So, Rita is blowing into my backyard. I am finishing bagging and storing my editing gear/software (I am definitely streamlining my resources & consolidating where possible) I thought I'd say that those who document and bring us the video feeds while standing in the path of this monster certainly have my utmost respect. Jim Cantorie is standing downtown near my first gig here in Houston. Stephanie Abrams is at my family's favorite spot on the beach (well she was earlier). The folks at CNN have been all over my stomping grounds.
I'm packing up my gear in the event I need to split though the news is better for me than those on the East side. I've bagged it. Boxed it. Put it near sturdy walls. Short of 2 feet of water and a tree right down my wall. I also have the el cheapo Hi8 catching shots of the Hood with the storm coming in. Plenty of snacks,water, clothes etc for personal survival... The roads were every bit a disaster as you saw on TV. The night before on my way home from work. It took me almost 4 hours for a 20 minute trip. (I took back roads). My daughter & her family tried to go up 59 & it took them 16 hours to go 60 miles. They turned around and came back before they ran out of gas. Made it back in an hour.For comparision, it only takes me 15 hours from here in Northwest Harris Co. to friends in Springfield, IL. Those reporters I think are doing a fair job of explaining & capturing the problems.
Thought I'd share before I disconnected THIS pc and began waiting for civilization to pop back up to post. Hope you fellow "cow" hands are out of harm's way
Fiddler's Ridge Productions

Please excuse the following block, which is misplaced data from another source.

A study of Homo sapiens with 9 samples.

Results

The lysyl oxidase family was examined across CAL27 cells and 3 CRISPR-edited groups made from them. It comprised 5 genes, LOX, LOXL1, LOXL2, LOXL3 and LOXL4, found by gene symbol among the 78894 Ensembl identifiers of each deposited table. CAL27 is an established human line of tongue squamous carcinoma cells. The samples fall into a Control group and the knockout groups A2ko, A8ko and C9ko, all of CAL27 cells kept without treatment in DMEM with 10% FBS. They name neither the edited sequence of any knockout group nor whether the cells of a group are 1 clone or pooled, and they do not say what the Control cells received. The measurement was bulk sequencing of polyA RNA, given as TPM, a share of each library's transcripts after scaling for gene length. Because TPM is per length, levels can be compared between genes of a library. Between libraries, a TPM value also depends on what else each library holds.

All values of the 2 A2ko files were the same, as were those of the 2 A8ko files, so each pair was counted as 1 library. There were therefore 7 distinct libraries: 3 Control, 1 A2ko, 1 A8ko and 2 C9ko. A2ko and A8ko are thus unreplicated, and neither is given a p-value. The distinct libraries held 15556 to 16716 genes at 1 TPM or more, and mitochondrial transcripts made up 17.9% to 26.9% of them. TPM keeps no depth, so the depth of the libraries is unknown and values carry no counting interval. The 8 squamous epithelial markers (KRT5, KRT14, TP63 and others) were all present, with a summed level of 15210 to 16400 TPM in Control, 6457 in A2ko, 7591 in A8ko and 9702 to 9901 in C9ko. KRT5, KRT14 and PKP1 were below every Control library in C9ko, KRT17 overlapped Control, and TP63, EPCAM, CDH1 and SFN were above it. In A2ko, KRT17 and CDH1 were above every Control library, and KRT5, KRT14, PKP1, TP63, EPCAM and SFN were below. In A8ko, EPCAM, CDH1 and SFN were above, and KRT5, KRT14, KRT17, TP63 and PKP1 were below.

Good luck with the storm. Fortunately, it looks like it has been degraded to a category 3.
Adobe Certfied Expert, Premiere Pro
Hope you're back, safe, and in good heart.
Yep, Rita missed... A big lesson in being prepared to flee. A lot of the crap we surround ourselves with is just that. If you have a small set up like me. Anvil cases for my computers/gear & back up copies of software (serial numbers, pouches for dongle, etc) are two things that I really wished I had. I am glad that I label my ins&outs to my rack.
Fiddler's Ridge Productions
I'm happy to see that you are o.k. Matt.
My kids were getting worried from the news last Tuesday so my wife and I decided to turn this thing into a vacation for them. We boarded up and headed to my in-law's house in Kentucky on Highway 59 on Wednesday morning about 10:30, and traffic was "normal". What a difference a couple of hours makes! I have friends at NASA that left in the early afternoon and spent the same amount of time going 75 miles that I spent going 750 miles.
On the way back, I saw a grand total of two (2) gas stations open during the last 200 miles into Houston. Luckily, there where only a few traffic jams...and those were because of those two gas stations being open ;)
But seriously... I saw several guys on four-wheelers bringing cans of gas to stranded travelers on 59. One rest stop in a hard hit area on the way back had free food and drinks for Rita evacuees. I didn't stop, but it was a nice gesture. There are some really good people in Texas.
Anyway, you make great points about the ability to pack up in a hurry. We covered our Avids at NASA with huge plastic bags and hoped for the best. We were lucky this time. We still have some employees trying to get back, but most stores are open, and I haven't noticed any real "shortages" of food or water. I can wait a few days to fill up the gas tank.
-Timothy Allen (...who is seriously thinking of buying a motorcycle to save gas $$.)